The charges come after a forensic audit of the York West councillor’s books that uncovered apparent contraventions of the Municipal Elections Act, including having exceeded the legal spending limit by 44%. A first court appearance is set for August 15.
The city’s compliance audit committee launched legal action in February, and the city retained Brian Gover, of Stockwoods LLP, to decide what, if any, charges would go before a court. Mr. Mammoliti is accused of exceeding the candidate spending limit, failing to record or incorrectly recording campaign contributions and expenses, failing to keep records of campaign expenses and accepting cash contributions over $25.
He was charged on July 16. The alleged offences are provincial, not criminal. If found guilty, he could be fined up to $25,000 per offence and, in some circumstances, disqualified from office.
Reached by phone in Vancouver, Mr. Gover said prosecutors must believe there is a “reasonable prospect of conviction” before filing the charges.
In a statement, Councillor Mammoliti blasted the “frivolous” claims and suggested he was not given enough time to respond. “We take this summons from the city very seriously and will vindicate ourselves by detailed explanation,” he wrote. He has hired prominent lawyer Morris Manning to argue his case.
Peter Li Preti
Meanwhile, Toronto’s compliance audit committee voted Friday to commence legal action against former councillor Peter Li Preti, the runner up in the 2010 Ward 8 election.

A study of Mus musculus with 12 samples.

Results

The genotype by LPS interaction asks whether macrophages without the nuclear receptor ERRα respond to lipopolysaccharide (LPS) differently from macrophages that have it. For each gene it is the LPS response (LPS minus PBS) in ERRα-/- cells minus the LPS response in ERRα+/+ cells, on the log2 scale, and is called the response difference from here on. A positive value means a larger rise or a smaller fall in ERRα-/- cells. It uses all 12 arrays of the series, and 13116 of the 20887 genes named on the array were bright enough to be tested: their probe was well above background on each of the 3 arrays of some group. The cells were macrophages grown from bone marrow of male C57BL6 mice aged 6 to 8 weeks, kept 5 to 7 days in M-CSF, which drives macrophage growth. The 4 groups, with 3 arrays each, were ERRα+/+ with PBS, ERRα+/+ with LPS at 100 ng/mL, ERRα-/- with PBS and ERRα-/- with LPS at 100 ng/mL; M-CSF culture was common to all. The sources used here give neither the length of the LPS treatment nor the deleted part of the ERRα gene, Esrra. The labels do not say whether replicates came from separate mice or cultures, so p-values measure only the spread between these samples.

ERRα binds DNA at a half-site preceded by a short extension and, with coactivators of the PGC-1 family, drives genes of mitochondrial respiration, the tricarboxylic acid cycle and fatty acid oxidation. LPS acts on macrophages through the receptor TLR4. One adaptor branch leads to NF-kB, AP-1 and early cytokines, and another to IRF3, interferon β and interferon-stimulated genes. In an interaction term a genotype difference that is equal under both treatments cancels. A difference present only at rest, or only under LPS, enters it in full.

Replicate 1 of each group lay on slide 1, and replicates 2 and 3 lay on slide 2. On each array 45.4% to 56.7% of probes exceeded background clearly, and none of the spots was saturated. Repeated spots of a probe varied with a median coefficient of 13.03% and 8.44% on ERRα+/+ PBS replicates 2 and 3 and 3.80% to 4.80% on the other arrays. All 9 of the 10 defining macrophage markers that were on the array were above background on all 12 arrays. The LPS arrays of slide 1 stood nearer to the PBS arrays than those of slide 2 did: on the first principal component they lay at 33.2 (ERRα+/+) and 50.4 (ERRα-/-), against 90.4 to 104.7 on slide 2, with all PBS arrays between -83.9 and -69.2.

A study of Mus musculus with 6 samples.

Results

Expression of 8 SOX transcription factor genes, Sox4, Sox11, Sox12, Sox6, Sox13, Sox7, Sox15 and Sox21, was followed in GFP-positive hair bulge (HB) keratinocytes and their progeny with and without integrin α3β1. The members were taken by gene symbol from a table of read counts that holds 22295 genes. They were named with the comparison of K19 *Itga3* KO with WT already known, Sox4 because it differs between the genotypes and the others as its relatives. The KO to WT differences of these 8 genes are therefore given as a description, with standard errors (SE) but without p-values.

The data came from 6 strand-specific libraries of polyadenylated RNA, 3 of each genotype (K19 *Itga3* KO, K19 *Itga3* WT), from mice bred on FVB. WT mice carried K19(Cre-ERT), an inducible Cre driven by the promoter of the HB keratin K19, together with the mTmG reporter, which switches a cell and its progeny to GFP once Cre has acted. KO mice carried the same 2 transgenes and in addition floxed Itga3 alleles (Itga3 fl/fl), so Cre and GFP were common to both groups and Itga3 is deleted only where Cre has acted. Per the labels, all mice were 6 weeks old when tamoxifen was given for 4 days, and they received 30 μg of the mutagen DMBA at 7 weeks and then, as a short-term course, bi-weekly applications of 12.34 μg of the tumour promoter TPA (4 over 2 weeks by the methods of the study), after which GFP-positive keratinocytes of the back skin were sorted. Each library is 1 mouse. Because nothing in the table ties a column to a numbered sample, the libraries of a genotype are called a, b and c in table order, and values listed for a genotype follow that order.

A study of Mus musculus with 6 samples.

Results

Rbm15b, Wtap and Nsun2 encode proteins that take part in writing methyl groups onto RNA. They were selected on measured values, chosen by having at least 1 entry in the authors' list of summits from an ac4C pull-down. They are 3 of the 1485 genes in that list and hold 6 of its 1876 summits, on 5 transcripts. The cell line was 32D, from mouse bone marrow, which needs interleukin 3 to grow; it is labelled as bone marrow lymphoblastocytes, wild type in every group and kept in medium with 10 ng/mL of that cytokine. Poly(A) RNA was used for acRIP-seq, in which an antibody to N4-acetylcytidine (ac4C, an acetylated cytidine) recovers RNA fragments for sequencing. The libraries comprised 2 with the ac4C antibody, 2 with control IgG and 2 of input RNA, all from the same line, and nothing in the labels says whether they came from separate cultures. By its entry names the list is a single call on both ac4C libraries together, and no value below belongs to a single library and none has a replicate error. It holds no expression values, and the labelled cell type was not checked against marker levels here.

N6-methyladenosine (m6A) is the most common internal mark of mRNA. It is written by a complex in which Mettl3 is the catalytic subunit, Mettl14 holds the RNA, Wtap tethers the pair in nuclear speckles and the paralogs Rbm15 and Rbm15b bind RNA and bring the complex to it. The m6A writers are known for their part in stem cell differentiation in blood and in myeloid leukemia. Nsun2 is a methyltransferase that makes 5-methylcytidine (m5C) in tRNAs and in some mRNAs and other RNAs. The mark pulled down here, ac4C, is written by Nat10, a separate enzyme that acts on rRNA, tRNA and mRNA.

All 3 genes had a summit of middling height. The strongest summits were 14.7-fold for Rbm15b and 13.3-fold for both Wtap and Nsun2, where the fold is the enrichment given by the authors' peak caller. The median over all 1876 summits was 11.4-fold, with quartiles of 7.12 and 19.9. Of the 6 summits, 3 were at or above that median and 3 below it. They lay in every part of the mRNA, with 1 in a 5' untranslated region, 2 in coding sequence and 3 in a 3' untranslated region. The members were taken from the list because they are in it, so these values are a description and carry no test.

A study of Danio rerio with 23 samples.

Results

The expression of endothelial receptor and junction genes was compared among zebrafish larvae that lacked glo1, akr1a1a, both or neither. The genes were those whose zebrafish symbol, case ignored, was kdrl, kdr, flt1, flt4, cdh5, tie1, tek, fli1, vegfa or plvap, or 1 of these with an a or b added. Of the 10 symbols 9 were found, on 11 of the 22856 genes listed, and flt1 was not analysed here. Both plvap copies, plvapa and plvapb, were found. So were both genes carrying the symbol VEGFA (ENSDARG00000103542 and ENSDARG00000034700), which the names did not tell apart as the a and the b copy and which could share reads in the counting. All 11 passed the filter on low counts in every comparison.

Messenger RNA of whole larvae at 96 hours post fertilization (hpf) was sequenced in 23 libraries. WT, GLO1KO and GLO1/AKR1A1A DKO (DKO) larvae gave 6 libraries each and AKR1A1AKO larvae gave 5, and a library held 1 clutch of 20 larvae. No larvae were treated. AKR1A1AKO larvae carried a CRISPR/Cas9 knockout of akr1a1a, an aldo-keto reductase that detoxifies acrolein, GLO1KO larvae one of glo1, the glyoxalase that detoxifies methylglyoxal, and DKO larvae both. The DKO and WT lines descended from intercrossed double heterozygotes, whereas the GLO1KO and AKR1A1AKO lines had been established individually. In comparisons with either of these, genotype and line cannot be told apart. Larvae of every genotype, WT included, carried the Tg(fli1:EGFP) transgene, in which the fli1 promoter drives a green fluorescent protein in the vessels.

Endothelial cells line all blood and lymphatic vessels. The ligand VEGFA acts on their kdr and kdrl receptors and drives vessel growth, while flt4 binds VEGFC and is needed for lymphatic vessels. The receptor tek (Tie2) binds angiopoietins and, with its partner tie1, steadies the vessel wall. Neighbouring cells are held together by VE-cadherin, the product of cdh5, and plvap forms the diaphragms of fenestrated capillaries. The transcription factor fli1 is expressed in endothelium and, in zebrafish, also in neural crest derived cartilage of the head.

An audit by Froese Forensic Partners found Mr. Li Preti accepted 46 illegal corporate contributions and went over his $23,917 spending limit by just over $3,000, or 13%, among other apparent contraventions.
Following the decision, and ignoring his lawyer’s advice not to speak to the media, Mr. Li Preti expressed his disappointment.
“I don’t think I have anything to fear. I think this a political decision,” he said. “Rob Ford had the same number of contraventions, if you read this report. The committee did nothing. Other people had the same number of contraventions, the committee did nothing. But me, they’re proceeding.”
In February, the committee dropped the investigation into Mr. Ford’s campaign spending. Auditors identified a number of alleged breaches, including that Mr. Ford spent 3% over the legal limit and accepted 11 illegal corporate donations.